Harsher penalties at core of new domestic violence ordinance

August 22, 2013

By Peter Clark

The Issaquah City Council took the first steps in setting an increased penalty for domestic violence that was first discussed in a May goal-setting retreat.

The council voted on an ordinance in the Aug. 5 regular meeting that would mandate a minimum of 30 days imprisonment to those committing domestic violence in the presence of children.

“In an effort to break the cycle of domestic violence, protect children in domestic violence situations and rehabilitate abusers, the following ordinance is proposed to strengthen our current domestic violence laws,” the agenda bill reads. “This ordinance would make it a gross misdemeanor to commit a domestic violence offense in the presence of a child.”

Additionally, should an offender be found guilty and sentenced to less than the maximum statutory sentence, the court would impose conditions that include domestic violence perpetrator treatment as well as a program that addresses the effects of domestic violence on children.

“The single best predictor of children becoming either perpetrators or victims of domestic violence later in life is whether or not they grow up in a home where there is domestic violence,” the agenda bill reads. “This ordinance would help by protecting children and rehabilitating abusers through treatment programs.”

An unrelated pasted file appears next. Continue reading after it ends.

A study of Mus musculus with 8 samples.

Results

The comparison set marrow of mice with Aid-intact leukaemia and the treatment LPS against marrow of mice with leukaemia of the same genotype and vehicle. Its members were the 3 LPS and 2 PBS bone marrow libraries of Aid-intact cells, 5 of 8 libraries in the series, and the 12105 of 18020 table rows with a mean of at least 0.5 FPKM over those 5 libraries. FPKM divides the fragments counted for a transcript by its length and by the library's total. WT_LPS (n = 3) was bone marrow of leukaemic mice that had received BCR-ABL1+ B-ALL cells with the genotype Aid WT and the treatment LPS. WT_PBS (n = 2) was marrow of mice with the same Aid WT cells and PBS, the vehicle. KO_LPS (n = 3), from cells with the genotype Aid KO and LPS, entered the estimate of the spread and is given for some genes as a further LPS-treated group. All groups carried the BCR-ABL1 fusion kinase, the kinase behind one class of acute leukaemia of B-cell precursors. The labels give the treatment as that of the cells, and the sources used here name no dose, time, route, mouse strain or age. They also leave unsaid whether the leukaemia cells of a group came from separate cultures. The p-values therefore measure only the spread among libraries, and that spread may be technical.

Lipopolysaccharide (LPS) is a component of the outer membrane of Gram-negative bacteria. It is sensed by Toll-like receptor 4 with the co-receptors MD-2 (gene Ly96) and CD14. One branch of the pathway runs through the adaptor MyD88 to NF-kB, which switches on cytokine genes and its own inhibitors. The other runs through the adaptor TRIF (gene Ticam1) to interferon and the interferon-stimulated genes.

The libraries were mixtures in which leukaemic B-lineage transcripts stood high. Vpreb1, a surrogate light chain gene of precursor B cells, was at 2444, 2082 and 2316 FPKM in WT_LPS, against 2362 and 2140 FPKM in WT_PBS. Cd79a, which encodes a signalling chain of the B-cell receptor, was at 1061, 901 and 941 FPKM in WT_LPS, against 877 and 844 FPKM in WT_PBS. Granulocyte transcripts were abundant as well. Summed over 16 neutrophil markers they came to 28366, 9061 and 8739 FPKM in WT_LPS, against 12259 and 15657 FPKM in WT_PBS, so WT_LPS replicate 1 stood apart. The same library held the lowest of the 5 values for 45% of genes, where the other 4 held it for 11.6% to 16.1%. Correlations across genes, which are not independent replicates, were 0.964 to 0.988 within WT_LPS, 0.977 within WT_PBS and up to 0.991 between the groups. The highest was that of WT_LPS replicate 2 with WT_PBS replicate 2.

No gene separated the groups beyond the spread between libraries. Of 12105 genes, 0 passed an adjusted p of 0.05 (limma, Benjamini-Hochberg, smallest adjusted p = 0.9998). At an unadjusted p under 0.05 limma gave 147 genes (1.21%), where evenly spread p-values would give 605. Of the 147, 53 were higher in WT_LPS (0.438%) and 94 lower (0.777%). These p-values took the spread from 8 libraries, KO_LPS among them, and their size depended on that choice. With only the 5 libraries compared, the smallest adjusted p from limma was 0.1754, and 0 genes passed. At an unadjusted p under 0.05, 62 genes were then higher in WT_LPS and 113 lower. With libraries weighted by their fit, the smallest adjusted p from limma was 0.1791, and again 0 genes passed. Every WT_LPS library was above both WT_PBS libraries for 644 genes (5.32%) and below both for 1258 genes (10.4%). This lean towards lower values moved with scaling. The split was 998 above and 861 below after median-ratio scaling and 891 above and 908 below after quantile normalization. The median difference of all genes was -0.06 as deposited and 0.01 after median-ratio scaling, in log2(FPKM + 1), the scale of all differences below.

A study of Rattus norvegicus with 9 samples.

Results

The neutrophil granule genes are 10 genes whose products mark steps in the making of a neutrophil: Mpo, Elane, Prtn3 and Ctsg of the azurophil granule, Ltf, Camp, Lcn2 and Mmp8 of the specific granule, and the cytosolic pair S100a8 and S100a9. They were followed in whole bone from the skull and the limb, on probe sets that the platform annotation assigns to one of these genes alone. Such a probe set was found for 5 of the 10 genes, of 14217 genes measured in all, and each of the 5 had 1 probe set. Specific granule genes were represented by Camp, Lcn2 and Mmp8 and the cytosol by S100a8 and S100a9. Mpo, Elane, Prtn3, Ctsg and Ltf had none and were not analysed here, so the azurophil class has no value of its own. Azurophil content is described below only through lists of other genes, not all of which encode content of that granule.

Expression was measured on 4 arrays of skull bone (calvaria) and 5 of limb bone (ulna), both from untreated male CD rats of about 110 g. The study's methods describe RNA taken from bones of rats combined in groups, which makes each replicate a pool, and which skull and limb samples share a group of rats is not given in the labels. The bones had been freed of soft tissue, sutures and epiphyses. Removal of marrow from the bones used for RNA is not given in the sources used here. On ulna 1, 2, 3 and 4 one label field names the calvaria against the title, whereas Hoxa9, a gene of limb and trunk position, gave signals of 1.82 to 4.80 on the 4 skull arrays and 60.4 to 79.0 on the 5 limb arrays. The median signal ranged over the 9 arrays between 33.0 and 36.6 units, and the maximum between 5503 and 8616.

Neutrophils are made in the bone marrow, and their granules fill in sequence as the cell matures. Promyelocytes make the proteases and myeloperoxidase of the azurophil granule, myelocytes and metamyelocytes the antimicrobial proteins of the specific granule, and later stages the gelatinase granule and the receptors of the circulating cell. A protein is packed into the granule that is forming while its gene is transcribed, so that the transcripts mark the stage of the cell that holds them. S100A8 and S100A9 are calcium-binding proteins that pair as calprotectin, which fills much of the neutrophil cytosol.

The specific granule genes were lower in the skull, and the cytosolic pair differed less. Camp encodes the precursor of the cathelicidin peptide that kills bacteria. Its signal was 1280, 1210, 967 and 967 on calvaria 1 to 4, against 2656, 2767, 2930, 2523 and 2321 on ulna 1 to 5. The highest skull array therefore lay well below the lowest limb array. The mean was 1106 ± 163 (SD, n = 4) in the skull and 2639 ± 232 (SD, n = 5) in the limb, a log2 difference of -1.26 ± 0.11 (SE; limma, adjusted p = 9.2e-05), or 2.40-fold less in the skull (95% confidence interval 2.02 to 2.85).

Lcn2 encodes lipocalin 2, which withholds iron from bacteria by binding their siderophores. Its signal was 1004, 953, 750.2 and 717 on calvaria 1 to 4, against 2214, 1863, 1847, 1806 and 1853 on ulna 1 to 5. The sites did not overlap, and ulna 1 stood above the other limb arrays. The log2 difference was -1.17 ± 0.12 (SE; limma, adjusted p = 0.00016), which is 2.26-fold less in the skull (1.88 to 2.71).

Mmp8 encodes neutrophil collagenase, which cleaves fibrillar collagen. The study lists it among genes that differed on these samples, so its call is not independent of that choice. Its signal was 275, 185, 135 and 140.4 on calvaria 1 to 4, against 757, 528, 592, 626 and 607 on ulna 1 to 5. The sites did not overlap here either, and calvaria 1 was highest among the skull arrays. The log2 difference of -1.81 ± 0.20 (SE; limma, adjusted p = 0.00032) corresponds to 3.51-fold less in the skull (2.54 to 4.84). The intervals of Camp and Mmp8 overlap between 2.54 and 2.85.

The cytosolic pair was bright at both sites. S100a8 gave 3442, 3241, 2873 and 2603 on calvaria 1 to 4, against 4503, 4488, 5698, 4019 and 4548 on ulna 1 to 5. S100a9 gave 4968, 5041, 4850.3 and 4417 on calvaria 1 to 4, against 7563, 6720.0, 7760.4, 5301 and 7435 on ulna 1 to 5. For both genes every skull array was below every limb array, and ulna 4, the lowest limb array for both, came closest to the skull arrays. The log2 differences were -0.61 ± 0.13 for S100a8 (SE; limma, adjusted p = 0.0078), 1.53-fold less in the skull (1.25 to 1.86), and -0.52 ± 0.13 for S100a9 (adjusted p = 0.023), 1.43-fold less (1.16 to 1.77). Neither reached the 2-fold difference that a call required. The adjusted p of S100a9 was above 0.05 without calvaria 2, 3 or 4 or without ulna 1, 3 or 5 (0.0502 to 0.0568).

In the bill, the administration recommended the ordinance pass as written.

To the Issaquah Police Department, the ordinance could mean an extra step in derailing harm to local children.

“Obviously, the intent is to help have an impact on domestic violence,” Cmdr. Scott Behrbaum said. “There are many studies that say it has a drastic impact on children’s development. This provides a tool to prosecutors to help people get the help they need.”

Behrbaum said that the probable cause on which they arrest suspects in domestic violence cases could present problems proving that children were exposed to the incident, but stated that an ordnance would be of greater assistance to the prosecutor’s office.

“This is an enhancement to the existing domestic violence laws,” he said, adding that it would work in tandem with the police department’s purpose. “It helps us toward our goal of helping people.”

The council’s vote sent the ordinance to the Services & Safety Committee, which will look over it next month for review and recommendation. It will be returned to the full council for consideration at the Sept. 16 regular meeting.

Councilman Josh Schaer said he did not expect the ordinance to have any problem making its way through the process. He initially introduced the possibility of an ordinance at the goal-setting retreat. He said the idea came from the passage of a similar Federal Way law.

“I can’t see the Services & Safety Committee having any major concerns with it,” Schaer said. “The ordinance is clearly written in the agenda bill and everyone I’ve spoken to in Federal Way has said it has not increased costs.”